For decades, aggressive goats have been a hazard to hikers in the Olympic National Park. While native to the Cascades, humans introduced about 12 goats to the Olympics in the 1920s—where they’ve been stomping around ever since. At last estimate, more than 700 were living in the park.
The issue is that, because this isn’t where the goats belong, the environment has limited minerals that goats need, especially sodium. So these goats, craving salt, turn to the next most convenient option: sweat and urine from unsuspecting hikers and campers.
“Mountain goats have a high affinity for salts and natural salt licks within their native range,” wrote the National Parks Service (NPS) in a public information packet describing the problem in 2014. “There are no natural salt licks in the Olympic Mountains and mountain goats have learned to seek salts from humans. In high use areas within the park, mountain goats have become habituated to the point that they are a nuisance and may be hazardous to park visitors.”
“When goats drawn to these sources of salt are not deterred, they become habituated to people,” reads a current guide from the Washington Department of Fish and Wildlife. “They lose their natural avoidance response.”
Since 2014, NPS has been exploring a way to deal with the goats. Back in May, NPS landed on a final plan: Two rounds of relocating goats from the Olympics to their native home in the Cascades, then shooting the rest.
Which brings us to September. The airlifting operation has begun, placing goats in specialized slings with blindfolds, then loading them into trucks to be released in their native environment. An Associated Press (AP) video shows a chain of three tranquilized goats in orange slings and blindfolds being slowly lowered into a truck.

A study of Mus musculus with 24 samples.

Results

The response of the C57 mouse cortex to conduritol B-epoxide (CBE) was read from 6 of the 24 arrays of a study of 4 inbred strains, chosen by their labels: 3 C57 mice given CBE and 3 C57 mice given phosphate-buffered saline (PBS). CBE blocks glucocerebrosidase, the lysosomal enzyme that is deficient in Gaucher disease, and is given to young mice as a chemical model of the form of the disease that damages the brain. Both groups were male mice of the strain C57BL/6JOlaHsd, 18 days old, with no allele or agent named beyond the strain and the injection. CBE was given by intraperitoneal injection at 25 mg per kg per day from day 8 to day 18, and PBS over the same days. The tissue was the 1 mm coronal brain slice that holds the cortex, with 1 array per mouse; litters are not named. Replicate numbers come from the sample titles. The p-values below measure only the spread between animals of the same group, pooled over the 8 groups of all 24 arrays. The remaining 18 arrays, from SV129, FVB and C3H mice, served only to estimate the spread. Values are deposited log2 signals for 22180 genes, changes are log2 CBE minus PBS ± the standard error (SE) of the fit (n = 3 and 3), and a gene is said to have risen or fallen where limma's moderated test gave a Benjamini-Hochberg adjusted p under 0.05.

As of late last week, Q13 reports, 115 goats have been removed. 98 were relocated to the Cascades, six kids were placed at the wildlife park Northwest Trek. Eight died in the process and three were euthanized.
Other options explored for goat removal included “fertility control” and introducing wolves. Apparently, there’s not really an effective birth control method for goats—and besides, even if it existed, it would be difficult to administer. As far as wolves go: Wolves aren’t suited for hunting on the rocky terrain where the goats live, and would likely just go after elk and deer. Allowing humans to hunt the goats would have required a change in federal law.
Not everyone is pleased with the decision. In a blog post, the Northwest Animal Rights network called the airlifted goats just a “catchy visual,” and a spokesperson told the AP that the plan is inhumane. The group had originally pushed for contraception—which the NPS says doesn’t exist—over removal.
And so the plan developed by the NPS, the Forest Service, and the Washington Department of Fish and Wildlife moves forward. While a large-scale removal in the late 1980s brought the goat population from more than 1,000 to fewer than 400, the goat population has bounced back dramatically—so the NPS is trying to achieve zero goat population this time around, or at least 90 percent removal.
If the NPS were to do nothing, the damage from goats would escalate, continuing to “threaten visitor safety,” according to the plan, and have an adverse, escalating impact on threatened an endangered species and vegetation in the park.
Between now and next year, NPS hopes to relocate “several hundred” more goats, the AP reports—and according to the plan, “lethal removal” could start at the end of year two. The parks service hopes that the goat population will dwindle to between zero and 50 by 2028.
In the meantime, the Department of Fish and Wildlife warns, always stay at least 50 yards away from a mountain goat and never feed them—and if you must relieve yourself, do it more than 50 yards off the trail.